KENOSHA, Wis. — The jurors in the Kyle Rittenhouse case have a three-day weekend before they have to deliberate the case. A nationally known jury consultant says that break could be an advantage to the prosecution.
The Rittenhouse trial has been emotional at times. Most recently, Rittenhouse cried on the witness stand. Jury consultant Robert Hirschhorn says those emotions can weigh on the jury. Hirschhorn has been a jury consultant on major cases throughout the country. He helped the defense select the jurors in the George Zimmerman case, he helped select the jury against Johnson & Johnson in the talc powder case and he helped select the jury in the 2003 Robert Durst case, the New York millionaire who was acquitted of killing and dismembering a neighbor.
Hirschhorn says it could have played a role in the judge giving the jurors Friday off along with the weekend.
"I think the judge’s ultimate goal is to make sure the jury is going to make a verdict based on the evidence and not passion or emotion,” said Hirschhorn.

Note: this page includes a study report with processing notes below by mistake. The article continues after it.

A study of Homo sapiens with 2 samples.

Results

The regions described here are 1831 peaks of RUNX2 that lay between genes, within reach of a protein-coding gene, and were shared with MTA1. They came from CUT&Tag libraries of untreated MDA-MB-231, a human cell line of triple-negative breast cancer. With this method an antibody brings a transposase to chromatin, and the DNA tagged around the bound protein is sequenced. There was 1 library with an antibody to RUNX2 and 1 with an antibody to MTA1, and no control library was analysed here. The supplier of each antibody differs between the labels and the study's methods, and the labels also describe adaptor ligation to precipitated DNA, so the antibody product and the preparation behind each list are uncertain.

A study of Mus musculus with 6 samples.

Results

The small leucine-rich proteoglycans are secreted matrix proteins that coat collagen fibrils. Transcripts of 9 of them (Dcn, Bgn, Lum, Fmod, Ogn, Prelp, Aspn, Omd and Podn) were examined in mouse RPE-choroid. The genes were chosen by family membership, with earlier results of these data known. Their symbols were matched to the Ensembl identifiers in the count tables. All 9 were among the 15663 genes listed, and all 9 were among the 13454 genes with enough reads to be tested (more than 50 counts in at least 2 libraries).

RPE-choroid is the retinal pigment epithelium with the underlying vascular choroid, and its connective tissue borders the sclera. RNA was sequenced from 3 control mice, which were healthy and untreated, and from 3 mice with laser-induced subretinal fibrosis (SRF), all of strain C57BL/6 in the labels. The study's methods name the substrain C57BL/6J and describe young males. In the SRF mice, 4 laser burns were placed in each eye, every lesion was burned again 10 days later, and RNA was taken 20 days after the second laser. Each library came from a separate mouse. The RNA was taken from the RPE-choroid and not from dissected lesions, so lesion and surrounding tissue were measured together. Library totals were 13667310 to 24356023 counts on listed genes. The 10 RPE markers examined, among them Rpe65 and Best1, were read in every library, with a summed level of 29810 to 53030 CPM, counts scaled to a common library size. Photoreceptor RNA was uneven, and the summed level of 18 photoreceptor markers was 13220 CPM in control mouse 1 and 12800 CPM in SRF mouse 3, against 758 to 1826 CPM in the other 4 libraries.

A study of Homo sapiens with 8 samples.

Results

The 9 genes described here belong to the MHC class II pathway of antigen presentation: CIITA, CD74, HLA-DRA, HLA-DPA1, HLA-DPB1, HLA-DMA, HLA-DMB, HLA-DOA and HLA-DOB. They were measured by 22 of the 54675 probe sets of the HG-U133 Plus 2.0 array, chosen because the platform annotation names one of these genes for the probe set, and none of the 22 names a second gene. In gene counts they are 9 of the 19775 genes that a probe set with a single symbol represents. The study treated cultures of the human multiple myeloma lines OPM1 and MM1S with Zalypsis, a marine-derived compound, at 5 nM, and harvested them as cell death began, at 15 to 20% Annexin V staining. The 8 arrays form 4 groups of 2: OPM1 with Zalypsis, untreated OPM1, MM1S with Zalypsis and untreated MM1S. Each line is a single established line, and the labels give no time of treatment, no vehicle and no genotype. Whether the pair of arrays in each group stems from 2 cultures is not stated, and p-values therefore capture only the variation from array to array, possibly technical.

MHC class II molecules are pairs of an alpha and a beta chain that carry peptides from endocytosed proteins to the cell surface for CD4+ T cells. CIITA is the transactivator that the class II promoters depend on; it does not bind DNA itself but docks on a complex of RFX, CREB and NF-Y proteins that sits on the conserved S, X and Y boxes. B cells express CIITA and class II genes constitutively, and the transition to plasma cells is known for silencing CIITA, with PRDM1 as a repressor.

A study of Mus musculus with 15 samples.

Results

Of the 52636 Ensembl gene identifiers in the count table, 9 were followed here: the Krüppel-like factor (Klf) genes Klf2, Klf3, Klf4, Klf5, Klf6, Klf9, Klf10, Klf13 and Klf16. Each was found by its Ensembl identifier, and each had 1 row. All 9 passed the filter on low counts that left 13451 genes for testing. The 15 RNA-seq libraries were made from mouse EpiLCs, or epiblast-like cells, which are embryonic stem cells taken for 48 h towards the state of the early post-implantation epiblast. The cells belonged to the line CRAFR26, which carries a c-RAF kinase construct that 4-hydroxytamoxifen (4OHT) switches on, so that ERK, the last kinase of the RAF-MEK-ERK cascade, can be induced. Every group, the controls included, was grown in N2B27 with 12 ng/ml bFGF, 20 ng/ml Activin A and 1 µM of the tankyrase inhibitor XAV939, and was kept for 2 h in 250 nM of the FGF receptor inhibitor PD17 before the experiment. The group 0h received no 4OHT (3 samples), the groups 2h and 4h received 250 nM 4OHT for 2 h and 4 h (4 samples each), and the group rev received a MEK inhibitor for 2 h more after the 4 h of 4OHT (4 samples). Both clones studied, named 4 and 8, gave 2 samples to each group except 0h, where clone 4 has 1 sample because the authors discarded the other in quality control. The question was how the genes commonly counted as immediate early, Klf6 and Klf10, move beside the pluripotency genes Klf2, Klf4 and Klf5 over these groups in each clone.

Hirschhorn says that break usually helps the state.
"I personally think it's going to be to the benefit of the prosecution, because now jurors going to have time to kind of process everything, think through everything and the emotion of the defendant testifying and crying. I think it is going to wane over the course of these three days, advantage prosecution,” he said.
The judge chose not to sequester the jury during the three day weekend, but did order them not to talk to anyone or read anything about the case. However, avoiding social media could prove difficult.
A study by Statista found last year, the average person spent around two hours and 25 minutes a day on social media. Facebook shows 1.9 million people are currently talking about the Rittenhouse case.
Hirschhorn says it is unrealistic to think a jury won’t talk about the trial, and even if the don’t look something up about the case, their friends and family likely will.
"Here's what reality is. The reality is jurors talk to their loved ones, jurors talk to their kids, jurors may make comments, people are always making comments to jurors,” said Hirschhorn.
But going against the judges orders has its consequences. A Reuters study from 2010 found at least 90 verdicts were challenged because of a juries misconduct on the internet. Twenty-one cases were either retried or overturned. However, Hirschhorn says that is rare.
“I don't think that's what's going to drive this verdict. I like to believe it's going to be driven by the evidence and the testimony, not any kind of communication that occurred outside the courtroom,” said Hirschhorn.